V'ictor Paz Estenssoro returns this week to the presidency of his nation for the fourth time in 33 years. But his inauguration today is far from an auspicious occasion. Bolivia is a troubled land. Economically, the nation is virtually belly up -- with an inflation rate soaring at almost 1,000 percent a month. The tin mines, on which much of the country's wealth has been based, are in trouble. At least half the work force is now on strike or has been within the past two months. Business bankruptcies soared in early 1985 to some 1,250 a month.
Moreover, the landlocked nation's political structure is in disarray, a far cry from the days when Dr. Paz's political reform movement was in full sway. Whether the durable Paz can bring solutions to this array of problems remains to be seen.
Paz has not been in power for two decades and has remained largely aloof from the turmoil rocking Bolivia. He has become more politically conservative since 1952 when he rode to power on a populist-reform program that ended centuries of foreign control of the tin mines, redistributed landed estates to thousands of landless Indians, and brought universal suffrage to a largely Indian population.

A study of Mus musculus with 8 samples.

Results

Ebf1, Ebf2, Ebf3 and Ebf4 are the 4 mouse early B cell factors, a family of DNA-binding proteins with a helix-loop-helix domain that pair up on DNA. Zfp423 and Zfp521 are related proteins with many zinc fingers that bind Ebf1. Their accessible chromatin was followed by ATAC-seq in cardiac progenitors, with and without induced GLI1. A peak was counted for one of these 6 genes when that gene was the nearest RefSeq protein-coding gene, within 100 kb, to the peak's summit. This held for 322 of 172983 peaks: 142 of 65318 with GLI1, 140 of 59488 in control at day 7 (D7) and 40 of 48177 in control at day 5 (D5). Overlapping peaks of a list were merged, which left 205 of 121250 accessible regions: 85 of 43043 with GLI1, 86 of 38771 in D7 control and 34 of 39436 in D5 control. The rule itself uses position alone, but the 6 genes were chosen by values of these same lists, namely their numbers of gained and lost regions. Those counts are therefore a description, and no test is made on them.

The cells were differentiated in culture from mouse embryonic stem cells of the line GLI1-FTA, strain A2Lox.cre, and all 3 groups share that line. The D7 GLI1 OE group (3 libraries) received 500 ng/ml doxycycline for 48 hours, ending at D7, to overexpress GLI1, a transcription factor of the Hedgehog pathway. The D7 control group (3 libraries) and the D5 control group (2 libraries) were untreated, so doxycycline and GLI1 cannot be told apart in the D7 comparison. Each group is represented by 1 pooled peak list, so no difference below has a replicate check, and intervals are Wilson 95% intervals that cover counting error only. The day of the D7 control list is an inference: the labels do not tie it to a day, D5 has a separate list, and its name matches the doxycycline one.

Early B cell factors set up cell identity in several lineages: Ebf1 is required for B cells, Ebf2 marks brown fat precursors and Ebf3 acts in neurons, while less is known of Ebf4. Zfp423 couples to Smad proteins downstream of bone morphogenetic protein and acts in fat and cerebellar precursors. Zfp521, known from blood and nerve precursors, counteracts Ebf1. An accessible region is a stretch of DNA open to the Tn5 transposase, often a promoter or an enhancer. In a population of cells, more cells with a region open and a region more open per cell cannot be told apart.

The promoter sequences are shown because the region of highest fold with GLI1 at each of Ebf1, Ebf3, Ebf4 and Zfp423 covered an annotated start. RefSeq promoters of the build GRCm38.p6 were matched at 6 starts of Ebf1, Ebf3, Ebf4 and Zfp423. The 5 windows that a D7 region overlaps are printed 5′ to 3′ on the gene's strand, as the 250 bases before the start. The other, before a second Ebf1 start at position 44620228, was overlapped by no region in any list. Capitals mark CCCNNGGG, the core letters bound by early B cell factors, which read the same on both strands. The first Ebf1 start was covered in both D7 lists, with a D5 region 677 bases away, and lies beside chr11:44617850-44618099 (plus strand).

``One doesn't go through life without changing,'' Paz said in a recent interview. ``I have changed. I still believe in reform, but sometimes one has to put aside some of the things you believe in because the times require other policies. Moderation is called for today.''
Old political loyalties and a Latin American penchant for going with familiar faces are the real reasons behind Paz's return to the presidency. His selection by the Bolivian Congress, in voting Sunday, came after neither he nor anyone else in the July 14 presidential balloting won a majority. Paz and another former president, Gen. Hugo Banzer Su'arez, ran a close race, with the vote count seesawing back and forth -- and with claims of fraud in some of the count.
It was the support of the leading leftist candidate, Jaime Paz Zamora, that gave the edge to V'ictor Paz in the congressional balloting, allowing him to emerge victorious.
Political observers in La Paz, the capital, worry that random attacks on police and on government offices by supporters of both General Banzer and Dr. Paz, as well as by supporters of some of the 16 other candidates, suggest what may be ahead for Bolivia.
At the same time, Banzer and V'ictor Paz have worked hard in recent days to keep their unhappy supporters from resorting to violence.
``Gen. Banzer has won, and make no mistake about that,'' said a top Banzer aide. ``But it won't do any good if we take to the street.'' That same sentiment was echoed at Paz's headquarters.
Yet the slow vote count, questions on when Congress will vote and who will eventually be declared the winner, as well as whether there will need to be an interim president, put a tremendous strain on Bolivia's fragil democratic structure.